Sudanese civil disobedience campaign leaves Khartoum streets empty
Date: 2019-06-11 15:20
A campaign of civil disobedience to demand civilian rule left the streets of Sudan's capital Khartoum largely deserted on Monday (June 10) as the working week continued into its second day.
Opposition and protest groups had called for workers to stay at home after security forces stormed a protest camp on June 3, killing dozens and dealing a blow to hopes of a peaceful transition after the overthrow of president Omar al-Bashir in April.
In the capital Khartoum, public transport was barely functioning and most commercial banks, private companies and markets were shut, though some state banks and public utility offices were open. Some residents also expressed support for the civil disobedience campaign, as last week's deadly dispersal made them fear for their lives and property.
But the Director of Policy and Planning at the Ministry of Health Mohamed al-Tom condemned the road blockage, saying that it prevented patients from getting to health facilities on time, causing medical complications.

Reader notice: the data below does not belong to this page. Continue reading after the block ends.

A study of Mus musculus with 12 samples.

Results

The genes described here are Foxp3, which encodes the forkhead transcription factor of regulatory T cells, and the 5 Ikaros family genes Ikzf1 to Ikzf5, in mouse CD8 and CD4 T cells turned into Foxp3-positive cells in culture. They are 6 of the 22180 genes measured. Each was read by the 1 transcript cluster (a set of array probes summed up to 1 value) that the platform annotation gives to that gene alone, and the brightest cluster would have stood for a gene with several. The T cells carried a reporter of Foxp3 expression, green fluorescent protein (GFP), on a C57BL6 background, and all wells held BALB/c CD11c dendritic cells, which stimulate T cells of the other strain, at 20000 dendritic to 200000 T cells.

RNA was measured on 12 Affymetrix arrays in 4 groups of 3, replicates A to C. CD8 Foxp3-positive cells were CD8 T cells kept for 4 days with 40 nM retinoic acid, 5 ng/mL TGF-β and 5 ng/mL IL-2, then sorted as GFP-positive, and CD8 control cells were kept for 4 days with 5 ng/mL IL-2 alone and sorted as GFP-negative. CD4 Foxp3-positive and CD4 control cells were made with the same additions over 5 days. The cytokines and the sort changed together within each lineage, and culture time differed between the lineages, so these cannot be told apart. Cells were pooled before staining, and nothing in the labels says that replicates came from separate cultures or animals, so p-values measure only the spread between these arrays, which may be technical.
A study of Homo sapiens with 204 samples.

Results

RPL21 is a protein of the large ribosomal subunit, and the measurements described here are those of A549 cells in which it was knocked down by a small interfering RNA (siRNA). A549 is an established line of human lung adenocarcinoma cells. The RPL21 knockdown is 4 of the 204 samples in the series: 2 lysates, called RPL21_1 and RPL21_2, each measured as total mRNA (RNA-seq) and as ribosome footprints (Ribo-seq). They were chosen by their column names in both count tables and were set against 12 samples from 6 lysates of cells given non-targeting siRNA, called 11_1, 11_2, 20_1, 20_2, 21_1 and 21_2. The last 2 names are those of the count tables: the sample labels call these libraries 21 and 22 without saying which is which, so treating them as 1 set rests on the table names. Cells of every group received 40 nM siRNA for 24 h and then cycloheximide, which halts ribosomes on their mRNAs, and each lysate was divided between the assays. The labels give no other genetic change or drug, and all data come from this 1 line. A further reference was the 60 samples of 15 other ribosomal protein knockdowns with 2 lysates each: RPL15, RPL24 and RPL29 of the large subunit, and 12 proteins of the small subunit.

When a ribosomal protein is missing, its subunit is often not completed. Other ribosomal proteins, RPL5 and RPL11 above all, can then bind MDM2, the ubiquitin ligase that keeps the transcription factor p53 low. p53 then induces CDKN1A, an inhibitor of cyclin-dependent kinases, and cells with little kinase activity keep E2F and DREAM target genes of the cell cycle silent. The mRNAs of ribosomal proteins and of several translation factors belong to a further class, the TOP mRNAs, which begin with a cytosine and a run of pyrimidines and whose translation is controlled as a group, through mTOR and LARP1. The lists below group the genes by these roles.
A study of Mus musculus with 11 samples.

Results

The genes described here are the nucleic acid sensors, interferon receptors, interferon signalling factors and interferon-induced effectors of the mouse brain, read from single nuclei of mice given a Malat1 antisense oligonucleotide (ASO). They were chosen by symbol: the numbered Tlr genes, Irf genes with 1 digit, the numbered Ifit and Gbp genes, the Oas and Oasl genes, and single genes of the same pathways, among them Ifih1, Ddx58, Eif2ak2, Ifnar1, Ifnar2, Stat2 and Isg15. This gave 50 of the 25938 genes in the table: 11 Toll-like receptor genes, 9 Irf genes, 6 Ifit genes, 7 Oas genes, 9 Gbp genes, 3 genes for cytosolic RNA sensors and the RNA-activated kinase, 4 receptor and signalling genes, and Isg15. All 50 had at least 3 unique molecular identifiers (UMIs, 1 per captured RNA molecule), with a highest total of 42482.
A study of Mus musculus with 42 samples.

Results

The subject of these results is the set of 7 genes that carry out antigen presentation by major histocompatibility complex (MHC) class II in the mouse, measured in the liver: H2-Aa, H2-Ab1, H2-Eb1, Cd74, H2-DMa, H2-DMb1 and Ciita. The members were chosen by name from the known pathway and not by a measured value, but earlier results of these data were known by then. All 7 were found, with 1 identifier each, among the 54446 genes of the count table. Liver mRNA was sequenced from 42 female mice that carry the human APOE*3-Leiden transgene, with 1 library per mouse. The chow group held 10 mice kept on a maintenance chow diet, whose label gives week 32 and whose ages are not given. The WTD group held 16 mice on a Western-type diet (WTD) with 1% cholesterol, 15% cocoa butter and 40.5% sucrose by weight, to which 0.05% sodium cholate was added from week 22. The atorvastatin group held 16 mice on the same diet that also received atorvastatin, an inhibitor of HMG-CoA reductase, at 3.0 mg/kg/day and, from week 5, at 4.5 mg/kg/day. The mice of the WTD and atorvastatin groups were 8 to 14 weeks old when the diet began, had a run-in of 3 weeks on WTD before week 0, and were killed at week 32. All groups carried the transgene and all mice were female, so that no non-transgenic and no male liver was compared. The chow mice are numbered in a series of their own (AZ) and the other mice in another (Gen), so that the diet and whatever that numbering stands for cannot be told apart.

In response, a leader in the Declaration of Freedom and Change Forces, Khaled Omar, emphasised the importance of the barricades, saying that it protects citizens from recent attacks by members of the security forces.
On Sunday (June 9) in Omdurman, across the Nile from Khartoum, 20-year-old Ayman Osama died after being shot in the chest at a road barricade, the Central Committee of Sudanese Doctors said on social media, accusing a paramilitary force of killing him. The Rapid Support Forces (RSF) had no immediate comment.
Following last Monday's raid, TMC head Abdel Fattah al-Burhan scrapped all agreements with the Declaration of Freedom and Change Forces (DFCF), an opposition alliance, and called for elections within nine months. The opposition rejected the plans.
The raid came after weeks of wrangling between the TMC, which took over from Bashir, and the DFCF over who should steer a transition leading to elections.